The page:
How to Identify Drug Addiction

Today, there are many things people can do to better their lives, or to make them worse. Drug addiction is something that people might begin doing in order to make their lives better – to have fun, to laugh more, to feel better about who they are. However, it is something that can quickly become something that will hurt them. It can be devastating to their friends and families as well.

Drugs can take over your life, and for some people, it can happen with little or no warning. Drug addiction might begin as something fun to do with a friend, or experimenting with a group of people. It might not appear to have any negative effects on you at first, which is why it is something that can get out of control very easily.

It can ruin lives, destroy relationships, and turn a person into something they never wanted to be. Certainly, drug addiction is a terrible thing, but there is such a thing as recovery. There are bad things inside of a person that can be conquered, and drug addiction is one of them.

You can identify drug addiction in someone when they use drugs often and cannot seem to function properly without them. Their body might be physically addicted to the drugs, and their lifestyle might mean that they are addicted to drugs in order to completely live their lives. It is very often that someone with a drug addiction is not able to cope without their drugs, and there are several reasons that this happens.

This might usually occur when a person has been doing something for long enough for it to become habit. Drinking among friends might be socially acceptable, and having a few drinks is not considered drug addiction. It happens though, that sometimes a person begins to rely on certain substances for their happiness, and when a person begins to become addicted to any of these substances this is when drug addiction becomes a real problem.

The hardest part of recovery is going to be admitting that you need help and checking into a drug rehab, and once you have done this, recovery can come much easier. In order to recover completely from drug addiction, a person must admit to not only themselves, but also to other people around them that they cannot control their substance use.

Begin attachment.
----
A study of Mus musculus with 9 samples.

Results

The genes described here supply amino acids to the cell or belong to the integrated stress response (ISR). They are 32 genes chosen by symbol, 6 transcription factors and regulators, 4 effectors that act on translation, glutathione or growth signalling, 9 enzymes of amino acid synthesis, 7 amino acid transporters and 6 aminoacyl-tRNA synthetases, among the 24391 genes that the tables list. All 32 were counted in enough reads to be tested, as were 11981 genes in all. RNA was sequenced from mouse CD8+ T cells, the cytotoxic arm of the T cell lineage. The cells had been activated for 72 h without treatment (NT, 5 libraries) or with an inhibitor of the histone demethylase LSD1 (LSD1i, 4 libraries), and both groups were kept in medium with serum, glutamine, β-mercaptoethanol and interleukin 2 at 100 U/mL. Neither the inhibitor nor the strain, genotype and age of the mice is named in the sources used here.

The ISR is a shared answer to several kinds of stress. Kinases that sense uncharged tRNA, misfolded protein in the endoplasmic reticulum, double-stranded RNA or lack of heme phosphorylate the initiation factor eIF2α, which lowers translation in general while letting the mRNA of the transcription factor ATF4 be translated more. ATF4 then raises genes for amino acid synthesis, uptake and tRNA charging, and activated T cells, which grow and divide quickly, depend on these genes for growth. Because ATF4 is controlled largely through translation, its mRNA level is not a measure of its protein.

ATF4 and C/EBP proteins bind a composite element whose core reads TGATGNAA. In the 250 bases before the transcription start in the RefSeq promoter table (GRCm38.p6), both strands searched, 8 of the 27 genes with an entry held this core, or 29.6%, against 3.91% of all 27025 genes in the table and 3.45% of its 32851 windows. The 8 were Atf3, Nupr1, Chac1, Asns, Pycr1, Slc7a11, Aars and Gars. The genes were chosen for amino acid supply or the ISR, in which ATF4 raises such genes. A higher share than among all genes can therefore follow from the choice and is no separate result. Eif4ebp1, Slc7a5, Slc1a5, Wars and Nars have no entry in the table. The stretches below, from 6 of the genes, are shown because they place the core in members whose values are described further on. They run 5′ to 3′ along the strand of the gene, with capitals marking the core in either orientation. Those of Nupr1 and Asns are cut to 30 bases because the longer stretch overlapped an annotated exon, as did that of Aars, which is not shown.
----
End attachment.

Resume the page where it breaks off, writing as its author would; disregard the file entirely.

Even though drug addiction is something that can destroy lives you don’t need to let it destroy yours. For everyone, there is always a chance at recovery, and it is important for you to know that there are always things that you can do. Even talking to a friend that has been having a problem with drug addiction is a good way of finding out what is really going on, and might lead towards getting better

It is important or remember that drug addiction has a potential to lead even further if it is left alone and that it is very rare that it is going to get any better. If someone you know has a serious drug addiction problem, chances are good that it is only going to get worse. And many times, it is not going to be something that a person can take care of on their own. Drug addiction requires help, and it is vital for people to understand this fact. It is never too late to get help, and getting help is not going to have a negative affect on drug addiction. It will only make your life better. Please get help! By getting help, you are enriching your own life and making the people you are close to live better lives.

Often, individuals who have a problem with drug addiction will not admit that they have a problem.

This assessment tool could serve as an eye-opener for the individual and force them to admit that they may have a problem with drugs.

Ask them to answer the following questions as honestly as possible, or leave the questionnaire in a place where he or she will most likely find it. Answers are yes or no.

  • Have you had problems at work or school due to your drug use?
  • Is your drug use making your home life unhappy?
  • Do you use drugs in order to help you feel more comfortable around people?
  • Have you spent money on drugs that were supposed to be spent on other things, like children’s clothes? Rent? Money owed to others?
  • Have you been spending time with people that you don’t really care about because of your drug use?
  • Has your drug use led you to take dangerous risks?
  • Do you get cravings for drugs?
  • Has your drug use led you to do things you are ashamed of?
  • Have you ever used drugs in the morning?
  • Have you ever been involved in a serious physical or verbal fight when using drugs?
  • Do you ever use drugs to escape worries?
  • Is it hard for you to imagine living without drugs?
  • Have you ever thought you should cut back on your drug use?
  • Has anyone ever criticized your drug use?
  • Have you ever been arrested for a drug-related incident?
  • Have you ever had trouble remembering what happened as a result of your drug use?
  • Have you ever had a health problem because of your drug use?
  • Have you ever lied about your drug use?
  • Have you ever lost interest in things or activities that you used to find enjoyable?
  • Do you feel like your life simply isn’t working out?

If the individual answers yes to three or more of these questions, then they probably have a drug problem that will only get worse without the proper help. Encourage them to seek the professional help that they need. Provide them with literature and contact sources. Give them a list of web sites that they can visit for more information. If all else fails, schedule an intervention to confront the individual with a drug problem.

For more information about intervention methods and techniques, there are a variety of resources available on the Internet and via local, community organizations.